DDI undertakes an anti-smuggling initiative for border communities in Guinea
Published on 27 November 2017
Countries in West Africa, especially in the Mano River Union (MRU) region, enjoy the free flow of people and goods across their borders.
In fact, “economic integration” is a pillar of ECOWAS, the Economic Community of West African States, which was established to ensure regional cooperation and shared prosperity. According to the institution’s website, “The Vision of ECOWAS is the creation of a borderless region where the population has access to its abundant resources and is able to exploit same through the creation of opportunities under a sustainable environment.”
This largely successful initiative means that people in Liberia, Guinea, Sierra Leone and Côte d’Ivoire can take advantage of generally unrestricted and unmonitored border crossings for economic, social and personal activities. Unfortunately, that has included free transit of diamonds across the borders, even though it is illegal — a fact that is not known by all. What’s more, the significant artisanal mining in these countries already makes controlling production and trade of diamonds difficult, as the process is usually informal and under the radar, from digging to trading to export.
On the other hand, the Kimberley Process Certification Scheme (KPCS), of which the Mano River Union countries are all members, includes provisions for internal controls, primarily established for ascertaining the origin of diamonds and providing certification at the point of export.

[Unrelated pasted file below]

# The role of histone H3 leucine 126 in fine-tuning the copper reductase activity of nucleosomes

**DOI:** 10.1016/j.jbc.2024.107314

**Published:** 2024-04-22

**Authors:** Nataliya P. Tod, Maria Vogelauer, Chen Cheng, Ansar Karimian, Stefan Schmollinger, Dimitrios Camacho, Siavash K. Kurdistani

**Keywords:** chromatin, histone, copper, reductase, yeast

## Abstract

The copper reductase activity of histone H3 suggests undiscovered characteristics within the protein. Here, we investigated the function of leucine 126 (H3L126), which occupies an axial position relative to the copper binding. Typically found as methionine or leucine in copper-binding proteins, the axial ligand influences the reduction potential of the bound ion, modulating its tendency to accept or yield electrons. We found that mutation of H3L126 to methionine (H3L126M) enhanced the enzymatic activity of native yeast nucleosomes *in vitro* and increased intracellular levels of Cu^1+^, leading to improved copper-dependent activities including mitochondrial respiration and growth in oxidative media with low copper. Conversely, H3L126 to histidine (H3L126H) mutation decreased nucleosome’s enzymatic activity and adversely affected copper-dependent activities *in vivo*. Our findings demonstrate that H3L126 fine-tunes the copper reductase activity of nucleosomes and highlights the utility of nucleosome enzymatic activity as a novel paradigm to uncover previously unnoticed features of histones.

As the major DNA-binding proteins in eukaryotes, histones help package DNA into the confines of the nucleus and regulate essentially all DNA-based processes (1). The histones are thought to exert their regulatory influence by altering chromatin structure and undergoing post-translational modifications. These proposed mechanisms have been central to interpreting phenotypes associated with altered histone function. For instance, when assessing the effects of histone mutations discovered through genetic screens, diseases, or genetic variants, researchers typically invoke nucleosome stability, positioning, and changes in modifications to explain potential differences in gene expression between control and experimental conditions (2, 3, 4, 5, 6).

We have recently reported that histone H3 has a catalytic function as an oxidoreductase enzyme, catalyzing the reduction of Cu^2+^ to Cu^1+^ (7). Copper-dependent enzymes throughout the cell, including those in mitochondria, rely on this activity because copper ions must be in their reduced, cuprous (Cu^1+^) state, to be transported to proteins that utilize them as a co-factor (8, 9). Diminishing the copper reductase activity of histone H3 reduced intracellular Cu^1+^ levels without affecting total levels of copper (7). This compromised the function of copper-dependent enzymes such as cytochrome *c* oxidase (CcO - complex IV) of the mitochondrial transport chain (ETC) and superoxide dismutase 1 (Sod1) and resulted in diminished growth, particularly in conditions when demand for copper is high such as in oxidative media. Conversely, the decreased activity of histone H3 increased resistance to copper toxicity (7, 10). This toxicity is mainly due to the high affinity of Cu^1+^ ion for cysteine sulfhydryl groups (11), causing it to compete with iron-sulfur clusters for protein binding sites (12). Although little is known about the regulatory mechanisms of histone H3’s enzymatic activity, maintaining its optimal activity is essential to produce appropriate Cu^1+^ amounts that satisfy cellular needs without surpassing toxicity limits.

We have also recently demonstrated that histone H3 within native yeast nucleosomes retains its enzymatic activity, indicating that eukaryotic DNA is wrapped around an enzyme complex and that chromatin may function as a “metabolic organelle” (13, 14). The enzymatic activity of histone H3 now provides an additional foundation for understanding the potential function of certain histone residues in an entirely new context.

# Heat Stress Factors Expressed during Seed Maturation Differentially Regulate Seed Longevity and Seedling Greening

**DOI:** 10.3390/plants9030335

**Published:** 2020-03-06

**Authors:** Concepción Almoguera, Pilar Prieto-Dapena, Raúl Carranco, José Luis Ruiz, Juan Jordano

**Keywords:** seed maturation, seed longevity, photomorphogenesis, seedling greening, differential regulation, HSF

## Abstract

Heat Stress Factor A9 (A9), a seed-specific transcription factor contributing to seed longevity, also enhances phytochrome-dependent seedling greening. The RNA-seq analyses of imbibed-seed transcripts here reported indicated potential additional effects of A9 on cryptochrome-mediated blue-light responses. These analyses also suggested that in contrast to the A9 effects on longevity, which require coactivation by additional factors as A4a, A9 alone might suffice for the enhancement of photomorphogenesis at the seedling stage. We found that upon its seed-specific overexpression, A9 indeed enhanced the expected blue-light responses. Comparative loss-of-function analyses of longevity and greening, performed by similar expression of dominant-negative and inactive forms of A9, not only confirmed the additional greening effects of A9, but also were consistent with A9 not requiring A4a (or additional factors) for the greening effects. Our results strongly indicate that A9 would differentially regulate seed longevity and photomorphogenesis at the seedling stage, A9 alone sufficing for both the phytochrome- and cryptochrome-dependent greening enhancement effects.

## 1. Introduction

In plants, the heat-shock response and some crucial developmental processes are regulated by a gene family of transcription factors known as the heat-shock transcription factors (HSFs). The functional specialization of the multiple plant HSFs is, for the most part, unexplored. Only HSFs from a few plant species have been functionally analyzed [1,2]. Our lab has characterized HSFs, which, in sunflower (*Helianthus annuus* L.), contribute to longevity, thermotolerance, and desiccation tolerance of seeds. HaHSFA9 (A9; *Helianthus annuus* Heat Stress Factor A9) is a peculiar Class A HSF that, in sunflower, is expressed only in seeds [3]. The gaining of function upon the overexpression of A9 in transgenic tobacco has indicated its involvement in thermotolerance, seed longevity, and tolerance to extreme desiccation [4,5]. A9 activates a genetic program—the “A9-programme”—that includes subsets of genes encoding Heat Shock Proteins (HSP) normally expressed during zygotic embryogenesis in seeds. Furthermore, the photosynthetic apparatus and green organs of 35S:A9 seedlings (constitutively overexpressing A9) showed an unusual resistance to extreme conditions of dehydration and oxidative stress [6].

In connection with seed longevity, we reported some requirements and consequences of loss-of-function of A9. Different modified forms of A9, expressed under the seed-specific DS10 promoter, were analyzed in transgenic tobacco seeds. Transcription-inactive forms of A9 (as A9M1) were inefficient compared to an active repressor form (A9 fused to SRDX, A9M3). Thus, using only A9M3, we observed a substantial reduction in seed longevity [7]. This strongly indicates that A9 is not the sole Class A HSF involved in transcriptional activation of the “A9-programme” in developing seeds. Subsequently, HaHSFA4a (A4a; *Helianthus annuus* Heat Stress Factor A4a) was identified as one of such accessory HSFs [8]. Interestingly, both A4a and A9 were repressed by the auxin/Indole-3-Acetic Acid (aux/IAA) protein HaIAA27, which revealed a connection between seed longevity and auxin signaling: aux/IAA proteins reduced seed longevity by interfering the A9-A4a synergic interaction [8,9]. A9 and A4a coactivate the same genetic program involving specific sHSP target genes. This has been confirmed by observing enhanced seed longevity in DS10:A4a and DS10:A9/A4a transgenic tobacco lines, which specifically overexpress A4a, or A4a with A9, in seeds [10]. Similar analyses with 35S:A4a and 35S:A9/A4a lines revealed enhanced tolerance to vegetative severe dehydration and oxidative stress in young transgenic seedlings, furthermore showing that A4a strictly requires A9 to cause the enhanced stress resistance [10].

Considering the regional nature of trade and economy in this area, the KP has established a Regional Approach for the Mano River Union. The Regional approach aims to improve law enforcement, secure production from mine to export, ensure government revenues, and produce greater benefits to diamond mining communities. The German International Development Agency (GIZ), through the Regional Resource Governance Program, will be providing support to the KP Regional Approach for the Mano River Union countries to strengthen their mining sector regulations by supporting regional cooperation on issues of KP implementation.
DDI, with the support of GIZ, has undertaken a sensitization initiative for border communities to raise awareness of the Kimberley Process requirements and strengthen local capacity to monitor the flow of diamonds.
During a recent visit to Guinea, DDI Executive Director Dorothée Gizenga met with representatives of the government, the police, border control, GIZ and local civil society to provide training on the Kimberley Process requirements, and design an awareness campaign that will initially target two border communities, recognized as transit areas for diamonds.
“This project is exciting, but it’s only a pilot,” says Ms. Gizenga. “There are other crossings and other countries in the Mano River Region that need this information and support. What’s more, border communities are only one element in the fight against smuggling and the strengthening of internal controls to ensure KP compliance.”